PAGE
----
Students Volunteer at Abbassia Hospital, Raise Awareness of Epilepsy
As part of the community-based learning course RHET 1020, students volunteered at Abbassia Hospital on Purple Day, an annual event that brings awareness to epilepsy, and participated in interactive activities with kids affected by the disorder. Following the visit, students organized a campus awareness campaign about epilepsy and produced videos that discussed the stigmatization of those affected by the disorder.
The experience gave students a new perspective on epilepsy, which is a neurological disorder characterized by seizures that affects 65 million people worldwide. In some countries, people with epilepsy often face the social stigma that the disorder is related to witchcraft or sorcery, and that it is contagious. “I read about the stigma facing the children with epilepsy but I didn't completely grasp or believe it until I saw them personally,” said Hana Mandour, a freshman. “That is when I realized that I had previously formed a false opinion about them even though I have never dealt with a child who had epilepsy before.”
After the hospital visit, students organized an epilepsy awareness campaign on campus with support from NOLA Cupcakes that raised LE 3625 and produced videos about the stigmatization of the disorder. The project included a collaboration with students at the American University of Beirut (AUB) also involved in disability-related CBL projects and culminated when Mikhael and a delegation of students shared their work at AUB’s Annual Celebration of Writing.
These efforts were part of research writing course that aims to teach students about research writing. The visit to Abbassia Hospital was part of the CBL component of the course. “Because of the visit to Abbassia Hospital, students come away with an understanding of primary research, research to understand an issue, audience and purpose,” explained Mark Mikhael, a writing instructor in the Department of Rhetoric and Composition who teaches the course. “They went on to create research-supported arguments in the form of videos targeting children with epilepsy or their caregivers promoting self acceptance and compliance with medical treatment respectively.”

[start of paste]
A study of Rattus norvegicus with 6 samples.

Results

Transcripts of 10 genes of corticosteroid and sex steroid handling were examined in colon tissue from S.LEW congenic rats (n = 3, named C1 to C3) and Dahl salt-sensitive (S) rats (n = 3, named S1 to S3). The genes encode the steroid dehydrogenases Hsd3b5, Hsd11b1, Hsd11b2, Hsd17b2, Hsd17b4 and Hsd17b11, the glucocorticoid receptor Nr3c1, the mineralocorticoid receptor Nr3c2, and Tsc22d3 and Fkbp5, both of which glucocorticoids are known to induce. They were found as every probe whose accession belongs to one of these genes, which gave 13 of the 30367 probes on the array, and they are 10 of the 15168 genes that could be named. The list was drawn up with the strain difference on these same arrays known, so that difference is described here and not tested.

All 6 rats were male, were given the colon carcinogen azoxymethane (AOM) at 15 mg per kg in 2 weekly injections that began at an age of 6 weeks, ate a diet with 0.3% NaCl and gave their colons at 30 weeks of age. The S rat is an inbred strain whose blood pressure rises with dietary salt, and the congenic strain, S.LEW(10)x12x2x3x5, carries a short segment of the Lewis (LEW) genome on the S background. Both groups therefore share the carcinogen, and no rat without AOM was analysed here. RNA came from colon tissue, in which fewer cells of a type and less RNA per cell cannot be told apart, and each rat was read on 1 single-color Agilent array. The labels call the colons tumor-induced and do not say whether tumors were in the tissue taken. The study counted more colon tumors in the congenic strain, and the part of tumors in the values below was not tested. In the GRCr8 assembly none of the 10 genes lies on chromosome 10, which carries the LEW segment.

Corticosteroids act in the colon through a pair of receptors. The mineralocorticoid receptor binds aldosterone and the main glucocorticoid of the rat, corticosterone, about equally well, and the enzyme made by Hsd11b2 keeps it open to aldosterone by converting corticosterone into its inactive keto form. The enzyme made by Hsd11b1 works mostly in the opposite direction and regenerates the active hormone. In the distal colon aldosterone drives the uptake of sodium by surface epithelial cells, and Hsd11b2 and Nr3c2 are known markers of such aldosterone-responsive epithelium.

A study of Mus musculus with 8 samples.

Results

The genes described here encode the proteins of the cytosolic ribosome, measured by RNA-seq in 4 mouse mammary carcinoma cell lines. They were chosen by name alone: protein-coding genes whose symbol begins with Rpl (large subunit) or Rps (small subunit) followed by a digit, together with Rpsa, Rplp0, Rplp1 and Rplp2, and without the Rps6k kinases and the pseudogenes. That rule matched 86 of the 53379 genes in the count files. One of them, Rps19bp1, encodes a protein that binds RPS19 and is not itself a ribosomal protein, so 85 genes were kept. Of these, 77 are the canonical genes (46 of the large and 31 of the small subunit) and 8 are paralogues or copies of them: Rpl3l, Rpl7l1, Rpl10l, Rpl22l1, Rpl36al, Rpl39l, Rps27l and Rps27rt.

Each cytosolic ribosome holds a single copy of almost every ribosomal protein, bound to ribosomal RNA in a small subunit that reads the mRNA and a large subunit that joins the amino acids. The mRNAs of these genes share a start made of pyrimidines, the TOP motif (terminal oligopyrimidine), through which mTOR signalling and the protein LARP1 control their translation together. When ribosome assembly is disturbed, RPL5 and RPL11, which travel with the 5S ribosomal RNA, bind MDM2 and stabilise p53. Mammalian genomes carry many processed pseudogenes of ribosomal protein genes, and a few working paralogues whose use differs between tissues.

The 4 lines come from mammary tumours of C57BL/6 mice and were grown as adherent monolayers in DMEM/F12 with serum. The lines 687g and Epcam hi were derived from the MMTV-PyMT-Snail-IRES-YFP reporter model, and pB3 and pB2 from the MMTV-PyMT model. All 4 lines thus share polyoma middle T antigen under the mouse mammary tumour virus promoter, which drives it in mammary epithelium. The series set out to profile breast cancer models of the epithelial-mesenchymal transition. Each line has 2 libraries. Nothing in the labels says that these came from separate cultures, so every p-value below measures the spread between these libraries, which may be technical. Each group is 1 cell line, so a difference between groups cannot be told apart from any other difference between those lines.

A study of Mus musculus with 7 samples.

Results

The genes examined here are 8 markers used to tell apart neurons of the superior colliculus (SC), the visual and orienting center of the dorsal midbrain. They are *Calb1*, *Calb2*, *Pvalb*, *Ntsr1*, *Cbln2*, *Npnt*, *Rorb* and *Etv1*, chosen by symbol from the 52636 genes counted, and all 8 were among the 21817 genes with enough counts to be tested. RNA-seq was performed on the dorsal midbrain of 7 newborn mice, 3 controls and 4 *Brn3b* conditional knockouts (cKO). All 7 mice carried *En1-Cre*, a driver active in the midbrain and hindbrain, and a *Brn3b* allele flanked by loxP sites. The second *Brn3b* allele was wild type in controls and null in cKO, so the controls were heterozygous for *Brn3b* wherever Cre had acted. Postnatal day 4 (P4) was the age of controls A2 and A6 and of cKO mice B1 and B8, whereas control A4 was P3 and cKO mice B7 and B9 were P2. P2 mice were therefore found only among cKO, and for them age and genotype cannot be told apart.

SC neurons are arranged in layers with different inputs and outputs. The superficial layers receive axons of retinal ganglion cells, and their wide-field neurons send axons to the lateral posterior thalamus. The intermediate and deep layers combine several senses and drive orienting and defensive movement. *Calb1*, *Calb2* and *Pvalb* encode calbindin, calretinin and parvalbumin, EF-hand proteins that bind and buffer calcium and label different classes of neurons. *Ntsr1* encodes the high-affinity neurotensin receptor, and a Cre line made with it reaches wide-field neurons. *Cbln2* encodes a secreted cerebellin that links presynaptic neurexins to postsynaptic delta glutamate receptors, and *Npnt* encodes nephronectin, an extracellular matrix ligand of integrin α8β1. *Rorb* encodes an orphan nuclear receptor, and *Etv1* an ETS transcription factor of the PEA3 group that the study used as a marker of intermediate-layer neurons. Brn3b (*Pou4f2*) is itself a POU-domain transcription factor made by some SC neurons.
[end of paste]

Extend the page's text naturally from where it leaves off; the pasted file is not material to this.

Mandour noted how this course gave her a deeper understanding of issues like epilepsy through different types of research. “Through this RHET course I have learned the importance of each kind of research: informational, academic and primary research,” Mandour explained. “I have also learned how each kind research completes the other and contributes in forming a clearer picture and in building a stronger perspective about a topic. For instance, the exploratory research helped me to understand the idea. Then, the academic research helped me to make it more academic by supporting every fact with percentages and case studies. Finally, the primary research and seeing the children with my own eyes proved how essential primary research is in understanding a topic. It allows you to observe the subject of interest and evaluate it for yourself.”
Beyond gaining an insight into research methods, Mikhael noted that this course encourages students to become “active citizens” through community-based learning, a teaching methodology established at AUC in 2008 that integrates community service with the academic curriculum. “Community-based learning is a preferred pedagogy,” Mikhael said. “What is happening is that we are teaching students to be critical thinkers and good citizens. The kind of person AUC places into the world.”
Mandour acknowledged the change that occurred in her after her experiences at Abbasia Hospital. “I wasn't so much into community work as I always thought that I do not have enough time for it, but then I went to Abbasiya Hospital just because it was required from the RHET course, and once we arrived there everything changed for me,” said Mandour. “I saw the smiles on the children's faces when we read them stories and colored their faces, I felt something move inside of me. At this particular moment, I knew that the world is much bigger than my GPA and the courses I choose to take.”
Through community-based learning, AUC students were able to affect the lives of these children by playing games, reading books and organizing face-painting and other activities. “On that day, there were 40 children with parents and 50 students, a total of 90 lives interrupted by hope — people’s who’s every day experiences has changed because they interacted with someone who cares about them,” Mikhael said. “AUC student gain the understanding that these children are just like them and the kids, in turn, no longer feel stigmatized or ‘weird.’”
Mandour noted that these types of experiences also change perceptions of AUC students. “Even AUC students are stigmatized,” Mandour said. “People think that AUC students do nothing but party and have fun. They think that we live in our own bubble and that we do not care whatsoever about what is going on in the outside world. Thus, I think it is important that AUC students get involved in the community outside of AUC because that may contribute in changing the image that the society has of us.”